On Friday, Governor Tim Pawlenty exercised the powers the granted to him under Minnesota Statutes § 14.05
to “veto all or a severable portion of a rule.” The Governor’s veto bars certain proposed revisions to the state’s voter registration rules from going into effect.
The Office of Governor Pawlenty had earlier expressed concern
that the Secretary of State’s proposed rules with respect to registering voters who reside in residential facilities or who are enrolled in post-secondary educational institutions, exceeded the terms of the statutes authorizing those rules. The matter is now referred to the Legislature for its consideration, as with the veto “the governor shall notify the chairs of the legislative committees having jurisdiction over the agency whose rule was vetoed.”
While the regulatory veto has been threatened a few times since it was first enacted in 1999
, this is apparently the first time that a Governor has exercised this power. This is perhaps not surprising, because most of the executive branch officials who are promulgating state rules are appointees of the Governor. In the ordinary course, the Governor need only direct his ministers on the favored course – neither a threat nor a veto is necessary.
The matter is not altogether the same when the executive branch official promulgating rules is a member of a different political party from the Governor, elected with a separate electoral mandate and not subject to dismissal at the pleasure of the Governor. In 2000, Governor Jesse Ventura (I-Minnesota) objected to revisions to the same-day voter registration rule proposed by Secretary of State Mary Kiffmeyer (R-Minnesota). Secretary Kiffmeyer and her team chaffed under this pressure – arguing that her role in the process for election-related rules flowed from wholly separate constitutional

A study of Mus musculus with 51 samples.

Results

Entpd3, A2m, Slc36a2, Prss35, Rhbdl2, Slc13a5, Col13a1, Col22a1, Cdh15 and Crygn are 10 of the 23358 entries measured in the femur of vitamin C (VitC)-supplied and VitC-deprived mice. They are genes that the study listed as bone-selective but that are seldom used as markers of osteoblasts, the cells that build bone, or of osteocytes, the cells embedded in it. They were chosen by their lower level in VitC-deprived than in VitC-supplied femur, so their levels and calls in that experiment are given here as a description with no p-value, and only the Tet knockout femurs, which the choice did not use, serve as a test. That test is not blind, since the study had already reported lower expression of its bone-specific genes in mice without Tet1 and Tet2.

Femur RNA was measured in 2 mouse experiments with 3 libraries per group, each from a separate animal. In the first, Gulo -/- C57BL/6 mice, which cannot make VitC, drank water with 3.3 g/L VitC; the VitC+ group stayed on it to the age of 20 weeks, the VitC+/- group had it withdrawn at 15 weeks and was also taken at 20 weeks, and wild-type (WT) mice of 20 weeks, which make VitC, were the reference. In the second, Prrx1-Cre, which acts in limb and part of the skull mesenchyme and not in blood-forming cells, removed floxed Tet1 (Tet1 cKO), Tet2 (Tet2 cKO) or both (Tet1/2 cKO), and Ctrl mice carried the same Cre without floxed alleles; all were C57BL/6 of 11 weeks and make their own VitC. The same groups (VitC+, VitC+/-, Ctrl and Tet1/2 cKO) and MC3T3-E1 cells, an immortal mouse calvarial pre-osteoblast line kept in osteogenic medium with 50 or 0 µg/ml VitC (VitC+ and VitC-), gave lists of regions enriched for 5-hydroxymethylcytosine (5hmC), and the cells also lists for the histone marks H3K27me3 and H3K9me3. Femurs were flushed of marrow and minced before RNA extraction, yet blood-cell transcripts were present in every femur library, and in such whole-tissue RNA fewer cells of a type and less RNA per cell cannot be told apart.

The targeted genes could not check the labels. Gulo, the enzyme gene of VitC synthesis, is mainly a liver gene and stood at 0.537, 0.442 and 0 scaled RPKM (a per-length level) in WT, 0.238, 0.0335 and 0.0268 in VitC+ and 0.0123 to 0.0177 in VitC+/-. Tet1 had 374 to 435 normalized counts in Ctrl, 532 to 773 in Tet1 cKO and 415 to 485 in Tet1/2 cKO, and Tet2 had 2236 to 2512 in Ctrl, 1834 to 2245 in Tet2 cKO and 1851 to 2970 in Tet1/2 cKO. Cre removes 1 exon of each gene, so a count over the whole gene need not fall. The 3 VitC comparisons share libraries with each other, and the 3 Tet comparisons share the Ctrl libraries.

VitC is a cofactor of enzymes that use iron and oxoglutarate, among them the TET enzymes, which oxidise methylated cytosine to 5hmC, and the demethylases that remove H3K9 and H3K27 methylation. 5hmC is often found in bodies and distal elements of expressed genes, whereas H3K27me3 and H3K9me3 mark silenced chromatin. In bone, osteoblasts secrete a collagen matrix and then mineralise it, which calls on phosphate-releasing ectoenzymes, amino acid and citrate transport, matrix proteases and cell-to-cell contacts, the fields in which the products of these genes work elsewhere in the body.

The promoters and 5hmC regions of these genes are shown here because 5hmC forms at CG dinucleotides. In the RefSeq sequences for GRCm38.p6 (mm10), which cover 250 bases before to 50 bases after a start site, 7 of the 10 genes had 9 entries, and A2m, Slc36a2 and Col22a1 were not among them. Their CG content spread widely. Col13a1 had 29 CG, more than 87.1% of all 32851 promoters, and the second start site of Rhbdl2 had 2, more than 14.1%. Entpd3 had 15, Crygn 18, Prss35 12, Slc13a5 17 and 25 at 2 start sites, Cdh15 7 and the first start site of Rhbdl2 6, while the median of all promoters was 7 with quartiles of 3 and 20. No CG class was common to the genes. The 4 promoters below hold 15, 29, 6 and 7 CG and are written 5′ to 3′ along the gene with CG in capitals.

and electoral mandates than that which underlay the Governor’s powers. The contrary argument, of course, was that the Legislature was fully entitled to place whatever conditions it saw fit on the delegation of its law-making powers to executive branch officials. The Legislature, so the argument goes, could condition the later effectiveness of administrative rules upon the Governor’s acquiescence, the spin of a roulette wheel or even the vote tallies on American Idol
– matters as to which the Secretary of State could not complain.
In 2001, these two views clashed in a Conference Committee on rules legislation that I shall never forget. While a junior Member of the House and the most-junior of three House conferees, I argued the former position; whereas the latter position was advanced by then-Senate Assistant Majority Leader, John Hottinger. (He would move into the top spot in the State Senate in the following session). The two of us circled in an ever-sharper set of exchanges over my proposal
to strip the Governor of the power to veto rules promulgated by fellow Constitutional Officers. With each treatise I cited, and law review that I circulated to the conferees, the tension in the room only tightened. Then Senator Hottinger ended our argument as only a senior leader of the Senate can, declaring: “Representative Lipman, listening to you, I have gone from being un-persuaded, to being un-persuadable
!” The regulatory veto was not to be touched or altered; and has not been since.
For me, someone who is long since gone from these battles, yesterday’s events have all of the sharp pathos of an arty French film: “Plus ça change, plus c'est la même chose
.” (The more that our Constitutional Officers change, the more our regulatory debates remain the same).